As we enter our 100th year of leading special education, the Council for Exceptional Children (CEC) is recognizing exceptional educators from around the world who have shown a passion, dedication, and commitment to making a difference in the lives of the students who they teach. Hear from teachers about their personal experiences working in the field, and get inspired to make your own impact this year.
Since 1984 CEC has honored members who currently provide instruction to students with exceptionalities and are outstanding members of the profession. The Teacher of the Year Award is given every year to a CEC member teacher whose work exemplifies the best in special education teaching and reflects significant, documented positive outcomes for students, continued professional development, and the highest standards of educational quality.
Take a look at former CEC Teachers of the Year and see where they are now.
Gayle Solis Zavala
What is your current role?
I am a recently retired educator of 35 years. I taught speech/language correction, intellectually disabled students and reading. In addition, I served as the Response to Intervention Coordinator and the Science Technology Engineering Art Math (STEAM) teacher K-6th.
How has the CEC Teacher of the Year Award had an impact on your career and/or how has it built upon your leadership in CEC?
The CEC TOY Award was an amazing honor and recognition that touched not only my heart but also my family, my school, my county, my state and national response . I received additional recognition from USA Today Teacher All Star Team, Hispanic Teacher of the Year, a Proclamation Award from the State of Florida Legislation and a personal letter from the Secretary of Education, Arne Duncan.
The award gave me confidence to take my experiences and those of my special education colleagues to become a leader in legislative advocacy and in pursuing grant opportunities for more inclusive educational practices. As the coordinator of the Florida Children’s Advocacy Network , I led fellow advocates in Tallahassee and Washington DC to meet with legislators and their staff to bring a “teacher’s viewpoint “ to legislative platforms. At the school based level, I used my grant writing skills to gain funds to promote literacy, provide community based instruction, social/ emotional skills, environmental education in an inclusive setting.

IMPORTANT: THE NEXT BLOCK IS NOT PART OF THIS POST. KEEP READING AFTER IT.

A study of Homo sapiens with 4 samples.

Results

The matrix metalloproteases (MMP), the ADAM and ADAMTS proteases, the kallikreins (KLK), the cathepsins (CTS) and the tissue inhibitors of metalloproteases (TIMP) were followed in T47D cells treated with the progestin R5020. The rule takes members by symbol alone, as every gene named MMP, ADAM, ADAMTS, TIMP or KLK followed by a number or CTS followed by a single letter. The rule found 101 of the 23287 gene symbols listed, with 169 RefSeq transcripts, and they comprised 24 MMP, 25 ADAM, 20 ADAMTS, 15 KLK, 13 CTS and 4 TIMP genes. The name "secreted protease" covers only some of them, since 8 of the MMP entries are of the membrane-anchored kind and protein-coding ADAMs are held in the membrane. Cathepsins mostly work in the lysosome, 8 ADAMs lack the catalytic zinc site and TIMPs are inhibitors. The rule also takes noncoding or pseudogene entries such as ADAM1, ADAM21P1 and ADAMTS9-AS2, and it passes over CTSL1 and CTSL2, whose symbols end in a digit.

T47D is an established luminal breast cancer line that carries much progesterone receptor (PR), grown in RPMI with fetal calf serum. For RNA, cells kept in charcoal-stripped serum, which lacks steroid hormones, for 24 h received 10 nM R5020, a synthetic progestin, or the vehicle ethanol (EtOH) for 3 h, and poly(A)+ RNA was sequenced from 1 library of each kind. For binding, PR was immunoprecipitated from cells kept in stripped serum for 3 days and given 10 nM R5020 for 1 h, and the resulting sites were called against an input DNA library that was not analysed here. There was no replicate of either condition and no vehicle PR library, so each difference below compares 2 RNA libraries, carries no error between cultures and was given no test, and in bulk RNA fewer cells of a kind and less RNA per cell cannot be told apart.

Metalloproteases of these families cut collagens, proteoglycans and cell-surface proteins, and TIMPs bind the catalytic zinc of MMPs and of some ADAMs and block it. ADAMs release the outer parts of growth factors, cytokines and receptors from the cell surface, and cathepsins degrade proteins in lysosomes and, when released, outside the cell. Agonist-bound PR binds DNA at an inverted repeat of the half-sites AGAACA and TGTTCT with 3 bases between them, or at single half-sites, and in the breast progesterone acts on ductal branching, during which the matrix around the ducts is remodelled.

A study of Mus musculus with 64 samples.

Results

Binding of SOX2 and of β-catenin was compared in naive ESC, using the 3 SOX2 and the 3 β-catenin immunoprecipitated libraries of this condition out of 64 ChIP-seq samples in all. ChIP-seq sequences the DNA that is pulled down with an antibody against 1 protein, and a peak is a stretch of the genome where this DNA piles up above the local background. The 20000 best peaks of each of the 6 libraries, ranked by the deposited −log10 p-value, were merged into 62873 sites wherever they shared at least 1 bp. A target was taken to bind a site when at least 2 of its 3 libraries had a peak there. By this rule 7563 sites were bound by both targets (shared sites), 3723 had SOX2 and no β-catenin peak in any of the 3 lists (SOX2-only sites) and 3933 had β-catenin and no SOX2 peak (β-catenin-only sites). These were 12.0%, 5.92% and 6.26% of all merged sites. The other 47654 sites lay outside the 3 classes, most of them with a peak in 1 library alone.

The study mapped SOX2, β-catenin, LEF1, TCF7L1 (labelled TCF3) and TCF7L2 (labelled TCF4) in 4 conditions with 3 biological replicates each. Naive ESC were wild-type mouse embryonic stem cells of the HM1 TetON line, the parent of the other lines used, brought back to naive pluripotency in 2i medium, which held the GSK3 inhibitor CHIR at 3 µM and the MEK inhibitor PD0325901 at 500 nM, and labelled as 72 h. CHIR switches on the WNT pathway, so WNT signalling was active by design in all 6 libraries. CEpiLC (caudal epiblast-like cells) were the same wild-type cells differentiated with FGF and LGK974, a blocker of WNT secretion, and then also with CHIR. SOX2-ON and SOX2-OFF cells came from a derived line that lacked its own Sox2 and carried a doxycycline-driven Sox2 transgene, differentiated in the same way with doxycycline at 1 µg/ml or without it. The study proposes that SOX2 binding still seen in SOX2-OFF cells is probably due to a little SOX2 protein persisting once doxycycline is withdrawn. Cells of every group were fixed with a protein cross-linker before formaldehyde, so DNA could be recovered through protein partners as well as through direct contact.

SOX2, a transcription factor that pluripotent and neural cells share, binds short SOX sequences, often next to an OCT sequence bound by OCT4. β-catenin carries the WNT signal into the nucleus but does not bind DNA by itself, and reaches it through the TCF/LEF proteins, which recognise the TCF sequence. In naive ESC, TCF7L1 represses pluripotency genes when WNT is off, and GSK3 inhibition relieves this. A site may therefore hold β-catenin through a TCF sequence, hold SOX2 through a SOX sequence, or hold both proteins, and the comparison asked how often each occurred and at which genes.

What was most memorable to you about your experience in CEC and/or in education?
As I was honored to speak about at the recent CEC 100th Anniversary luncheon in Orlando, Florida, CEC offered me an escape from isolation, a great networking opportunity and the importance of knowing your worth.
I found fellowship with other teachers in the field of special education. Together we shared innovative ideas and problem solving. This of course led to networking across an array of educational fields.
One of the biggest cross connections was with linking Project Based Learning to students at risk. One of my favorite experiences was linking more engagement in literacy to a butterfly garden project with students with reading disabilities. The students assisted in creating a school garden along with writing, reading and talking about their progress. To my delight and extreme pride, my students presented a Rap about Butterflies to an entire school assembly and included a question/ answer session. This and many more lessons that I would later do as the STEAM/STEM teacher would remind me that hands-on learning reinforces the concepts you teach and it can be done in an inclusive classroom.
And of course, CEC always leads the way in recognizing students and educators for their accomplishments. Whether it was at the national, state or local area, it was always important and inspiring to hear about their success stories. If you ever were fortunate to see a Yes I Can! Awards ceremony and cheer for the recipients and their families, you always walked away with joy. Or if you received a thank you letter from a parent for funding the cost of summer camp for their child with a disability , you felt satisfied that your chapter’s fund raising was worth the needed opportunities it supported. And CEC provided numerous ways to show educators their self worth via professional development, leadership and grant opportunities, mentoring and life long friendships. Of course, my special day in Seattle will forever be etched in my mind and heart when I became the Clarissa Hug TOY. And each year, I’m in awe of the many nominees and award winners selected as TOY, especially so many from Florida! Thank you CEC for 100 years of all you have done and continue to do!
What advice do you have for early career teachers?
This is such a challenging time in education but looking back in history, it always seemed educators faced hurdles. I would advise to stay open to using the skills you gained in your training along with innovative ideas. And try to surround yourself with positive people. Negativity will burn you out quickly. When it comes to the students, don’t take everything personal. Each day is a new day.